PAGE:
I learned about negligence laws this week. This is an essential topic for lawyers and their clients to understand.
If you shared fault in an accident, you may be hesitant to sue other liable parties in your accident. Depending on your state’s negligence laws, however, you may still have the right to recover compensation for your losses.
Many states have modified comparative negligence laws that allow victims to recover compensation as long as they’re less than 49 or 50 percent at fault for the accident. Other states have pure comparative negligence laws that allow victims to recover compensation regardless of their percentage of fault. There are only a handful of states with contributory negligence laws that ban recovery of compensation if victims share fault in an accident.
Pure Comparative Negligence
A Los Angeles personal injury lawyer explain to me that California has a pure comparative negligence law, which is the most lenient type of negligence law. States with pure comparative negligence laws allow all victims in accidents to recover compensation regardless of their percentage of fault; however, the court will deduct each victim’s percentage of fault from their overall settlement amount.
Knowing how much fault you contributed to your accident is essential before moving forward with your claim, because if you contributed a large percentage and your claim value is small, then filing a lawsuit may not be worth it. For example, if you were 80 percent at fault for your accident and your damages are valued at $2,000, then you’ll only receive $400.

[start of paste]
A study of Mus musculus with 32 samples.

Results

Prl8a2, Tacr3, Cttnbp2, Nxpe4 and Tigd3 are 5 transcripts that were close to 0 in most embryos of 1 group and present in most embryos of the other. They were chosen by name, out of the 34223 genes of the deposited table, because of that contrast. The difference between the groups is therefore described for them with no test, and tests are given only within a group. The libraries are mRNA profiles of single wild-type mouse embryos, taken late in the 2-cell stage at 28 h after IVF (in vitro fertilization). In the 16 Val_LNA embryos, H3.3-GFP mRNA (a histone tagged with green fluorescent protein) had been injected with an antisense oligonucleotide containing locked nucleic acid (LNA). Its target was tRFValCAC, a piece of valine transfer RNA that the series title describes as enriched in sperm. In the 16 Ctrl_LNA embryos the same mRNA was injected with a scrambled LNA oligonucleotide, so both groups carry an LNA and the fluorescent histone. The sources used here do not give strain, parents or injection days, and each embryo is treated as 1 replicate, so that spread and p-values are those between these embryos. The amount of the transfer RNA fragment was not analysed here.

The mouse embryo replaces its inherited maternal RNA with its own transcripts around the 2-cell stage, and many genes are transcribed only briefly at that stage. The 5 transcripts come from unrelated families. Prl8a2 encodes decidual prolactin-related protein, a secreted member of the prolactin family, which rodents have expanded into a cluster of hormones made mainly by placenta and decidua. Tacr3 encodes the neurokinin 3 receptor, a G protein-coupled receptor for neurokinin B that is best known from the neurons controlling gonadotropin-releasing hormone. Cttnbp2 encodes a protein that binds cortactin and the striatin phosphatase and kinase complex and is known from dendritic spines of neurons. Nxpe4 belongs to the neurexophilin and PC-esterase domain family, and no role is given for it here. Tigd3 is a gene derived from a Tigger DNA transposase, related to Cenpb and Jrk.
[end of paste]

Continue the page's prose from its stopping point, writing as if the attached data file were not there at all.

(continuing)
Modified Comparative Negligence
In states with modified comparative negligence laws, you can file a claim for compensation as long as you were less than 49 or 50 percent at fault for causing the accident. Once you determine that you’re eligible to file a claim, the court will deduct your percentage of fault from your settlement just like they would in a state with a pure comparative negligence law.
States with contributory negligence laws don’t allow you to take legal action if you’re even one percent at fault for an accident. This can feel unfair because the other liable party in your accident may be 90 percent at fault, but if you contributed even a small percentage of fault, you’ll be liable for your own medical expenses and other damages.
Knowing the negligence laws in your state is essential if you want to calculate your claim value and pursue your case with confidence. As a pre-law student, I’m glad I learned these laws, because one day I’ll be able to help my clients assess their percentage of fault so they can know whether taking legal action is worth it.